I recently moved from San Francisco to Tallinn, Estonia to take up a new role at Topia. As you’d expect from a company leading the Mobility industry, I was offered a core-flex package that helped me accommodate my personal needs in the way I wanted to and ensure all of the logistical pieces came together. 

So now I’m here, my stuff is here, my cat is here, my internet is connected - but a few months later, I still feel a little ‘lost’. This is not my first move - I’ve been an ‘expat’ in 5 countries for the last 15 years, and I’ve traveled to all corners of the globe - but this move has been the toughest from an integration perspective. 

Whilst yes, I absolutely needed the shipping and the travel and the housing benefits, it left me thinking - what could companies provide their employees to really make the transition successful emotionally? Should companies be pushing the boundaries of flexible options, and proactively addressing the specific cultural challenges employees are going to face?

We now see Airbnb offering ‘experiences’ to their travelers - knowing that when people travel, they want more than just a place to stay. Do we need Mobility experience options? Are there people out there thinking creative about integration experiences?

Learning how to feed myself again

One of the biggest challenges is learning how to cook again. It sounds ridiculous, but everything from grocery shopping to working out what to do with the ingredients I can find has left me frustrated (and probably vitamin deficient). 

Supermarkets here cater to two main markets - Estonians and Russians. There’s a far wider range of frozen Russian dumplings than there is pasta. Soups are bright purple. Labels are in Estonian, Russian, Latvian and Lithuanian. Fish are either dried and bright orange or raw and covered in cream. The sight of a jar of Jamie’s Italian pasta sauce fills me with a rush of relief, and I end up cruising the ‘Ethnic Aisle’ to survive on noodles and soy sauce. 

And I’ve heard even more challenging stories from my Indian, Pakistani, etc. colleagues - with either dietary, religious, etc. restrictions and who are used to cooking with certain ingredients that simply cannot be found here. 

A supermarket tour and some cooking classes would have gone a long way to easing the transition and reducing my nightly anxiety at dinner time.  

Intro to Sauna

Everywhere I go, there’s a sauna. Business is conducted in saunas. Dinner parties result in group saunas. National holidays almost mandate saunas. Apartments have personal saunas. And 99% of saunas are undertaken naked.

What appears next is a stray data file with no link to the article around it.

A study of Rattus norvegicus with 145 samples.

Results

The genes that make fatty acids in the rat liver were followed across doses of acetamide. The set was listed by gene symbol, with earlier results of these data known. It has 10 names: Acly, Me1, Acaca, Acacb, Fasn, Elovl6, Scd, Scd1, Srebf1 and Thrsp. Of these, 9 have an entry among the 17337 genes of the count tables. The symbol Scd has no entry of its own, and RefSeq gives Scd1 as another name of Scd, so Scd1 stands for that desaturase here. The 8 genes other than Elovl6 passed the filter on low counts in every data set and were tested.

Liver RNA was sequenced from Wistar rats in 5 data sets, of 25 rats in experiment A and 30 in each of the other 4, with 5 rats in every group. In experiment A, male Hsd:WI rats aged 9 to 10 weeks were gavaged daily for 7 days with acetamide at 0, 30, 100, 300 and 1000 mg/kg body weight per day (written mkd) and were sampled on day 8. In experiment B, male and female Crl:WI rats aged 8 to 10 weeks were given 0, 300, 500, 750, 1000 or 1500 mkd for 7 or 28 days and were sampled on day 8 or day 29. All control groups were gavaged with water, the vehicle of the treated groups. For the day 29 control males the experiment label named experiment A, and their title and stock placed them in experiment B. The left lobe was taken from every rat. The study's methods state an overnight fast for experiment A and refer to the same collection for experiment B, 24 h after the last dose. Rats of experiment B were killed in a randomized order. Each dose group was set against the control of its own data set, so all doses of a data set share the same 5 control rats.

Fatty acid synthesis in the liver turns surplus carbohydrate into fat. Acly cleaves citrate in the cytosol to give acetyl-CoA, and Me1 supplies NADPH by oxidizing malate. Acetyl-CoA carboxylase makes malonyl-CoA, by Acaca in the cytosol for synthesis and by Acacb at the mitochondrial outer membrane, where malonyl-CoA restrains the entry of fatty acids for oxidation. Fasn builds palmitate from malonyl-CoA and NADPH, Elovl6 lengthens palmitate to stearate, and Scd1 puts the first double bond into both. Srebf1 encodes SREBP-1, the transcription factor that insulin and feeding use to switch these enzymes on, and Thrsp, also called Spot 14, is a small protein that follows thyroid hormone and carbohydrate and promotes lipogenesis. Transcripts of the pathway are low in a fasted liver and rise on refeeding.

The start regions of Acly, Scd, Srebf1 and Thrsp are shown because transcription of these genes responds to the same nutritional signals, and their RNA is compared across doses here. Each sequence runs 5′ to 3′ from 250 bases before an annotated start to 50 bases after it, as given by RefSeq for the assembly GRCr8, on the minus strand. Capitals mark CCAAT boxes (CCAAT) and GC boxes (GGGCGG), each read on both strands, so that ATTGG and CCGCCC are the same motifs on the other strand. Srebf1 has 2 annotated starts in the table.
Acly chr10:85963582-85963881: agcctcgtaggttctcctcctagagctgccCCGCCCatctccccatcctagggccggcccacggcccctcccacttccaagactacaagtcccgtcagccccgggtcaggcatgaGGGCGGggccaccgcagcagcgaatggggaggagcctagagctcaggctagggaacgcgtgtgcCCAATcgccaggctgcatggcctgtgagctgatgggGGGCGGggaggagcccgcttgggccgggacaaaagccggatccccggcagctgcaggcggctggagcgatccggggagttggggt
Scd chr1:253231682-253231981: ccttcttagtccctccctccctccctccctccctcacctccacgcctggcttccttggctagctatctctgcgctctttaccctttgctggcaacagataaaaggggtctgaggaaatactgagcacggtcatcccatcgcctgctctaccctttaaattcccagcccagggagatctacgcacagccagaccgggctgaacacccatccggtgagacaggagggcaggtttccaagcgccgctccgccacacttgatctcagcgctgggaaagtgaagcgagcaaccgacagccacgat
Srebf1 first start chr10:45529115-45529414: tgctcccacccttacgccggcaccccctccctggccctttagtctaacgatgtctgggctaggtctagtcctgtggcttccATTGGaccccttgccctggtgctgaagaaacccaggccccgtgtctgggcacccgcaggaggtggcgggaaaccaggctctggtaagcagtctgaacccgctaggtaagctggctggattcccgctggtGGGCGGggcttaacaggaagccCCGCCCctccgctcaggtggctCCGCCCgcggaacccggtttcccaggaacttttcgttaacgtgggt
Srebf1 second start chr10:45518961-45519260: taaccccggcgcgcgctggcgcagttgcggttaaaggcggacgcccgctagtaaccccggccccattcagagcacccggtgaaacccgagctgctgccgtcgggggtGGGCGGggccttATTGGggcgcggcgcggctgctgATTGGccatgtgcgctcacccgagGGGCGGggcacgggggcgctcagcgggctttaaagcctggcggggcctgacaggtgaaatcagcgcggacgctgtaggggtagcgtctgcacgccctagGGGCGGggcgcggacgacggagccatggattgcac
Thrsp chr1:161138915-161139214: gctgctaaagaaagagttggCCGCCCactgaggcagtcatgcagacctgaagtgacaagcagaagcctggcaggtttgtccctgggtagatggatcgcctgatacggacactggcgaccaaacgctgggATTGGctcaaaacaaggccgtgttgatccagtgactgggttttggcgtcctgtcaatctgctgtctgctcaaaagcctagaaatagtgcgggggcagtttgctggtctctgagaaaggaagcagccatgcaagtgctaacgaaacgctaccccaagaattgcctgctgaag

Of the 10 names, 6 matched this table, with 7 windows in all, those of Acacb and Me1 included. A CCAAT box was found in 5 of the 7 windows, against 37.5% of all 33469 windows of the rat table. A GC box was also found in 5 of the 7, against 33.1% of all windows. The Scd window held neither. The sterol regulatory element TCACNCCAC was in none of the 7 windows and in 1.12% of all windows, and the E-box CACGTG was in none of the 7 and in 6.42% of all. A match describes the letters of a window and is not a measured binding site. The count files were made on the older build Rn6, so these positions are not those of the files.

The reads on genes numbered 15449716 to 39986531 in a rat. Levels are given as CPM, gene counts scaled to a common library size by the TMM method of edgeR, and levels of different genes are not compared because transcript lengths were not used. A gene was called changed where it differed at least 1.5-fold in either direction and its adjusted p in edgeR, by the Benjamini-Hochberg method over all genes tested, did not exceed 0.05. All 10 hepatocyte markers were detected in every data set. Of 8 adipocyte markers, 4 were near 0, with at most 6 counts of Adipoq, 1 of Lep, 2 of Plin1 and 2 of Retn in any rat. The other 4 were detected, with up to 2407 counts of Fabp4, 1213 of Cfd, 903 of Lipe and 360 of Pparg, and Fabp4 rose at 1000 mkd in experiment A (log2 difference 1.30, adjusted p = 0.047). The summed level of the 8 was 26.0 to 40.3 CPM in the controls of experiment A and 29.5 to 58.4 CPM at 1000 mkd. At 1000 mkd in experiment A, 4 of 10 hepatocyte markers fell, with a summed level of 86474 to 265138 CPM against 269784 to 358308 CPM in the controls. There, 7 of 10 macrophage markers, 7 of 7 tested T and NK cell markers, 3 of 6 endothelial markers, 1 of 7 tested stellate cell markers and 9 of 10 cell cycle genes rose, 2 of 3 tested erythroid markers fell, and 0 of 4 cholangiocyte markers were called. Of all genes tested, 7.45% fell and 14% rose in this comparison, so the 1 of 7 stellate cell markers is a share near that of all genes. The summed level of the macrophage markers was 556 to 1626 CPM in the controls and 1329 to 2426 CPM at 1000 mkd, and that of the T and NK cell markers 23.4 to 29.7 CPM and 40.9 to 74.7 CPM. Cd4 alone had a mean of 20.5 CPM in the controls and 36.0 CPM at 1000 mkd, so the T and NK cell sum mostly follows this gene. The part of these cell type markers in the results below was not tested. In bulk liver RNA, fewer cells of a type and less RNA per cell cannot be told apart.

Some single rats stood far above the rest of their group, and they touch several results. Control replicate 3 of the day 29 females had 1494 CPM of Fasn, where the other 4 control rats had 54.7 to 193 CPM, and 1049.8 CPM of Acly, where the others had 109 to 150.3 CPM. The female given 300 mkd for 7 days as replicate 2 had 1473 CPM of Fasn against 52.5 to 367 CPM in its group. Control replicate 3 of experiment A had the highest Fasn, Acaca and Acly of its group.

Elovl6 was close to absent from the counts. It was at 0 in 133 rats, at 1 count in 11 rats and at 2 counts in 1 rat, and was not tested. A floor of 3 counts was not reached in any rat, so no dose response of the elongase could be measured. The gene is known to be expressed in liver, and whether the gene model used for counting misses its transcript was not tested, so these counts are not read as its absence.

I have so many questions. This isn’t just a relaxation activity, it’s a part of the national identity. And it’s seemingly not just a matter of getting in a hot room for a few minutes and hopping out - there’s the scrubs, the ice, the hitting yourself with trees, the hot tubs, the smoke, the ‘sauna honey’ and adding boutique fruit beers to coals. 

A beginners intro to Sauna is an absolute must for anyone moving to Estonia, relieving that anxiety the first time you see your colleagues or friends migrating towards that daunting wooden room and begin wondering to yourself ‘is it rude to wear a bathing suit?’, ‘why is someone handing me a branch?’ and ’why is everyone coming out covered in soot?’. 

Winter driving course

The biggest thing preventing me from getting a car in Estonia is winter driving. I’ve never driven in snow, and from brief trips here in winter months I’ve noticed that the roads are often not cleared (as it’s only going to snow again in 30 minutes!). 

It’s an incredibly intimidating prospect - I’ve been in Ubers sliding on ice and losing traction, while the driver doesn’t bat an eyelid. Whilst I’m used to scanning the roadsides for kangaroos waiting to jump in front of my car, here I’m faced with risks of falling through ice - if I was genuinely reliant on a car to get around, a winter driving course would be an essential benefit for my settling in. 

Welcome.. see you in 3 months

I arrived in Estonia in May, all fired up to get settled in, meet people… and then everyone left. From June to August, like many European countries, Tallinn empties of locals as people spend time working and vacationing from their island or countryside houses. Trying to settle into a new office became more challenging as desks were bare, and trying to make friends was put on hold until the nights got shorter and people returned. 

Which got me thinking - should time of year be a consideration in moving people around the world? Countries have their own ‘ebbs and flows’ throughout the year - the months that all the students return, the months that families tend to leave and vacation, the ‘back to school’ periods, and these can significantly impact how a newcomer settles into a place. 

New insight and opportunities

These may sound like silly requests - I even feel a little silly writing them - but they had a fundamental emotional impact on my move and settling. From this personal experience, I feel I’ve gained even further insight and context around the whole mobility process and how Topia’s solution could be used to improve it. I would love to experiment with ‘softer’ benefits to support integration and overcoming cultural challenges and see what happens if companies start to get creative with how they bring their talent up to speed in a new country.

Chantel Rowe

About the author

Chantel Rowe

Chantel is a Product Manager at Topia. Prior to joining Topia she ran EMEA Tax, International Mobility and Payroll at Societe Generale.